Authors Answer 30 – The Validity of Fanfiction

Yes, I’m two days late. Monday was a bank holiday and yesterday… Let’s not talk about yesterday.

Number 30 already! And this one is a subject quite close to my heart: What do you think of fanfiction as a writing medium? Do you think it has credibility despite the subject matter?

The short answer is yes, absolutely.

Oh, you want the long answer? Right. The basic fact is that every writer has to hone their craft. Those debut novels of bestselling writers? You can’t convince me that that was the first thing they’d ever written. I’ve personally been writing since I was fifteen, and the first twenty years of that output I wouldn’t even read myself anymore.

So where does fanfiction come in? Simply as a fantastic tool to hone your writing skills without having to also try and come up with your own world and characters. By using someone else’s world you can concentrate on getting the story right without having to also worry about creating a credible world with credible characters. It can be much easier to think up a story about characters you already know and love than to try and think of your own.

‘But fanfiction is shit’, I hear you say. To which I reply: that just means you’ve not read any of the good stuff. I will admit that trawling through fanfic forums or sites can be incredibly depressing. For every one good story there are probably about thirty-five that you wouldn’t wipe your arse with. But that’s most likely the case on regular writing sites as well. Yes, there is a lot of absolutely dire fanfic around, but sometimes you come across an absolute gem (or, the better option, someone else does the trawling and then tells you about the good ones).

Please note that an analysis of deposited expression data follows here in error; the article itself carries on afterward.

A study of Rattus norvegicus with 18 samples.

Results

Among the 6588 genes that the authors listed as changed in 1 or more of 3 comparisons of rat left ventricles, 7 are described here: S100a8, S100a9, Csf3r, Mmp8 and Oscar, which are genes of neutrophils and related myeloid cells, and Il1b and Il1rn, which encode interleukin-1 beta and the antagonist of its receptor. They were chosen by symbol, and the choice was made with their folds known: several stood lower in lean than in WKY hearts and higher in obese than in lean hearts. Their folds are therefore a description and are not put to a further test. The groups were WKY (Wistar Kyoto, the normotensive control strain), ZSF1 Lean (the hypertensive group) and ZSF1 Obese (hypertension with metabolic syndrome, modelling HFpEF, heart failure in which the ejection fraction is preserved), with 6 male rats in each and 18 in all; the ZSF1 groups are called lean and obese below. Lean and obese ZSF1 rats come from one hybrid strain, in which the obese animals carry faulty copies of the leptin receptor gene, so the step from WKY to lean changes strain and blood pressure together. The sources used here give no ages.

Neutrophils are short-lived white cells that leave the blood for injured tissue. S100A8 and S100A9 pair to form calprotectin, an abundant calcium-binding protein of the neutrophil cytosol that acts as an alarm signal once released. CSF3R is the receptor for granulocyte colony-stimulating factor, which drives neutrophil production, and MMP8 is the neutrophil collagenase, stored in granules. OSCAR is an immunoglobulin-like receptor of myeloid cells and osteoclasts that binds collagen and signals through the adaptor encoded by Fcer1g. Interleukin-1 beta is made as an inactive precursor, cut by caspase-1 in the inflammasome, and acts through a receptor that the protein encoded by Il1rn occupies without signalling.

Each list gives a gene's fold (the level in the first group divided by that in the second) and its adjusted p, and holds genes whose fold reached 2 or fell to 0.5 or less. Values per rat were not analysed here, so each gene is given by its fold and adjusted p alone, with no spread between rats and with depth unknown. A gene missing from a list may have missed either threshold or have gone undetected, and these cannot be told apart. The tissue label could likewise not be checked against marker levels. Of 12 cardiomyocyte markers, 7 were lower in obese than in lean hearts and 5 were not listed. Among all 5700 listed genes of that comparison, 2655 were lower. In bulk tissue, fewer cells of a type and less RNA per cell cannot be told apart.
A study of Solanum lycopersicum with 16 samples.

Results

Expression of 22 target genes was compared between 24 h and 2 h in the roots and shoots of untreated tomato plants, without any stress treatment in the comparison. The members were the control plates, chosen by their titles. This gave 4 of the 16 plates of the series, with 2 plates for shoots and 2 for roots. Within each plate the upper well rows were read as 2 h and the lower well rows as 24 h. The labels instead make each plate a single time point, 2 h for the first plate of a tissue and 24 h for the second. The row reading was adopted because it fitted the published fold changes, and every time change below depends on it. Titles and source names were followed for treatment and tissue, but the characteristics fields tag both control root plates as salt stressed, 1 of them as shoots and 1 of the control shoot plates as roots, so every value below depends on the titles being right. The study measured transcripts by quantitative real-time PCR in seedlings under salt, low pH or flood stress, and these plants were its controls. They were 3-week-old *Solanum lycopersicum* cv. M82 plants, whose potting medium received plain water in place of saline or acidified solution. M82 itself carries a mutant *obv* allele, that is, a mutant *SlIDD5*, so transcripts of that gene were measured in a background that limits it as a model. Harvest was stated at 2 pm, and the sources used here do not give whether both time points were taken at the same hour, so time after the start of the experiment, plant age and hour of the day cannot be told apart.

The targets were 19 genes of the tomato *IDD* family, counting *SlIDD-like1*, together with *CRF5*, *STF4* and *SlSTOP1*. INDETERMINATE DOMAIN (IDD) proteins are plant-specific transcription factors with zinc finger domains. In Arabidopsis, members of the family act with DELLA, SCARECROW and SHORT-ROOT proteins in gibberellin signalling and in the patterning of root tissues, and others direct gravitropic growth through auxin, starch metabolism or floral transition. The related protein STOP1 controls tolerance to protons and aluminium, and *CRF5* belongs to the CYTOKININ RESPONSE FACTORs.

Should you as a writer stick with fanfic? No, of course not. Not if you want to achieve anything, be that money, fame or both. Amazon’s fanfic dabbling aside (which I’ve not really heard anything of since it was announced way back when), copyright issues prevent you from publishing any of it, so there’s no real future in it. But it’s still a fantastic way of getting better as a writer.

‘But what about E L James? She wrote fanfic and she’s shit!’ Well, yes. But frankly, Dan Brown is also shit, and he sells more books than E L James does. Also, the only reason Fifty Shades got anywhere is because it started off as Twilight fanfic, and Twilight fans are rabid for anything that even vaguely reeks of Bella and Edward.

Let me give you a different example: Cassandra Clare. She honed her craft with some absolutely excellent Harry Potter fanfic. (Draco Dormens, Draco Sinister and… another Draco one that I can’t remember right now.) Whether you like her Mortal Instruments books or not, she’s got talent, and I think she did pretty well out of those books. I also remember some fantastic Merry/Pippin slash that was floating around back when the first Lord of the Rings film came out. I can’t remember the author, but I believe it’s called ‘The History of Us’ and you might be able to find it somewhere still. You have to buy into both Merry and Pippin as well as Frodo and Sam being gay, but it is a pretty well-written love story.

Okay, I had to wade through reams of stories of girls marrying Orlando Bloom* or being saved from drowning by Elijah Wood** to get to that, but without doing that I’d never have come across the Very Secret Diaries.

So yes, fanfiction definitely has validity. It’s just more difficult to avoid the shit stuff.

Original post on Jay Dee’s blog can be found here.

* That story was all about this girl being pregnant with his first child and Orlando being all sweet and giving foot-rubs, and all I could think was ‘dude, to get pregnant you must have had sex with him, yet you chose not to write about that???’

** The author did some excellent thesaurus work on different words for ‘blue’. Pretty much every sentence made reference to Elijah’s cerulean/sapphire/some other kind of blue eyes, which I thought was quite an achievement to notice when you’re drowning.